There are some comets for which the prevailing (A1,A2)-model  for comet nongravitational accelerations performs very poorly. In at least a few cases this model can be improved by incorporating an acceleration in the direction normal to the orbit plane (A3) or by adding a time lag (DT)  for the peak acceleration, which occurs at perihelion under the standard model. An alternate formulation is based upon body-fixed jets rotating with the comet and thrusting in proportion to the amount of solar radiation they receive at any given instant. Averaging over the comet rotation period smooths the acceleration and eliminates the need to know the rotation rate and direction.
Ground-based and spacecraft astrometric observations taken around the 2001 perihelion passage of Comet 19P/Borrelly indicate that the (A1,A2)-model is inadequate for this comet. In contrast, the (A1,A2,A3,DT)-model performs remarkably well, with both A3 and DT having significant values. Images from numerous sources during this period clearly indicate what appears to be a pronounced polar jet that we propose is the dominant source of the comet's nongravitational acceleration. Under this hypothesis one can infer the pole/jet direction simply from the estimated values for (A1,A2,A3,DT). The resulting pole position estimate [(RA,DEC)=(208\circ ±2.5\circ, -4\circ ±2.5\circ)], which is based solely upon astrometric data, agrees well with other estimates. Applying the jet model to Borrelly gives results nearly as good as the (A1,A2,A3,DT)-model, with modestly improved short-term predictions. Estimating the pole position within the framework of the rotating jet model leads to values only 10-15 deg from the presumed pole position.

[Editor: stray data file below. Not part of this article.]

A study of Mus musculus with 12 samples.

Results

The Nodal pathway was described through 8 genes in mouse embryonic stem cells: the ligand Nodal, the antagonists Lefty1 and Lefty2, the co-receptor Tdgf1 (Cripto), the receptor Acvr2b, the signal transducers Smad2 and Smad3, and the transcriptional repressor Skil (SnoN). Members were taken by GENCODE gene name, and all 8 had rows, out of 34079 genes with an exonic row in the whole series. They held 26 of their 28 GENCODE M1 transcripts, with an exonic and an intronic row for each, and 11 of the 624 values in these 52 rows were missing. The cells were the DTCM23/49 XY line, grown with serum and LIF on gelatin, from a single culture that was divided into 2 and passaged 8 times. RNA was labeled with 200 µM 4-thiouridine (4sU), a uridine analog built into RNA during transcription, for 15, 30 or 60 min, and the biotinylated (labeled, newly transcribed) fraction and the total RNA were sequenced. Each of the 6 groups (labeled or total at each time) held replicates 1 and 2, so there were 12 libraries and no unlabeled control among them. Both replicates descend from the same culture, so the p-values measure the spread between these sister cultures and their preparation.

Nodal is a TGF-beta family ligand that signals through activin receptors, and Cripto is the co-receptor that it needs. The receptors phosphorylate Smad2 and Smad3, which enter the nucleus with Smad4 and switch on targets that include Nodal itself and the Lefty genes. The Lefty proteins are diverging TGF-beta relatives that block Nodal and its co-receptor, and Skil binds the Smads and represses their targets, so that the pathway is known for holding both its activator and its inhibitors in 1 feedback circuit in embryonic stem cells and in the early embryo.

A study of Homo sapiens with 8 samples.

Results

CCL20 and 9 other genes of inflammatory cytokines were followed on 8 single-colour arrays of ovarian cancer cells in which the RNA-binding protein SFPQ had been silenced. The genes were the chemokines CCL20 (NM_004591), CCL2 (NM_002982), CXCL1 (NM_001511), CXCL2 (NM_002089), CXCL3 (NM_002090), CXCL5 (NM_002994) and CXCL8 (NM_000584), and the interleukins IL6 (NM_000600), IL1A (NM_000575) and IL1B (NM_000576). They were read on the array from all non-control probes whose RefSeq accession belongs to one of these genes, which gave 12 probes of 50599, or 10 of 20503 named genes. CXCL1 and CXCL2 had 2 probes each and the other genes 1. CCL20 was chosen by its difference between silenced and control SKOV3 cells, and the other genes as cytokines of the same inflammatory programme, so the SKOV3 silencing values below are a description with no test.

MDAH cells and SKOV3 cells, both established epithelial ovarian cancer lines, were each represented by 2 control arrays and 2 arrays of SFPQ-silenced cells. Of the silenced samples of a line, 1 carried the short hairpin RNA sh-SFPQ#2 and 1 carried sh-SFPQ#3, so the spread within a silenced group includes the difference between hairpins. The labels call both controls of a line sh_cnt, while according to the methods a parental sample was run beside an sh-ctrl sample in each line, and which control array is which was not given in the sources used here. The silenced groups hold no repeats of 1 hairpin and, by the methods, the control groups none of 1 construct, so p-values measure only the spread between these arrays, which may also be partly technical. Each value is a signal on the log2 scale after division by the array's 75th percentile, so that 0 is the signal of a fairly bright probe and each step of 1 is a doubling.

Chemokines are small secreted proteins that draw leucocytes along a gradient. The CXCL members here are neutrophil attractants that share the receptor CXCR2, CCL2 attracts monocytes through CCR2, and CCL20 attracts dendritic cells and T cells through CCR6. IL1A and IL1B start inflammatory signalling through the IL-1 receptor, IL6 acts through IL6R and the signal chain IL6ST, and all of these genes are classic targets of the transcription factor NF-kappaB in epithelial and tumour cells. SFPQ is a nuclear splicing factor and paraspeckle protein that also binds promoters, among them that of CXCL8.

Astrometric fits for Comet 2P/Encke, the first target of the CONTOUR mission, reveal that the addition of A3 or DT do not improve upon the (A1,A2)-model for this object. However, Sekanina  reported two main source regions, at latitudes 35\circN and 65\circS. Applying the rotating jet model with these two sources, and using the pole position reported by Sekanina, does give a significant improvement in both fitting and predicting the comet's position. Using the available astrometry with this approach suggests that a pole position around (RA,DEC)=(220\circ, +40\circ) provides even better fits and predictions than those obtained using the Sekanina pole.
This research was carried out at JPL/Caltech under a contract with NASA.
 B. Marsden et al. (1973) Astron. J. 78, 211--225.
 D. Yeomans, P. Chodas (1989) Astron. J. 98, 1083--1093.
 Z. Sekanina (1988) Astron. J. 95, 911--971.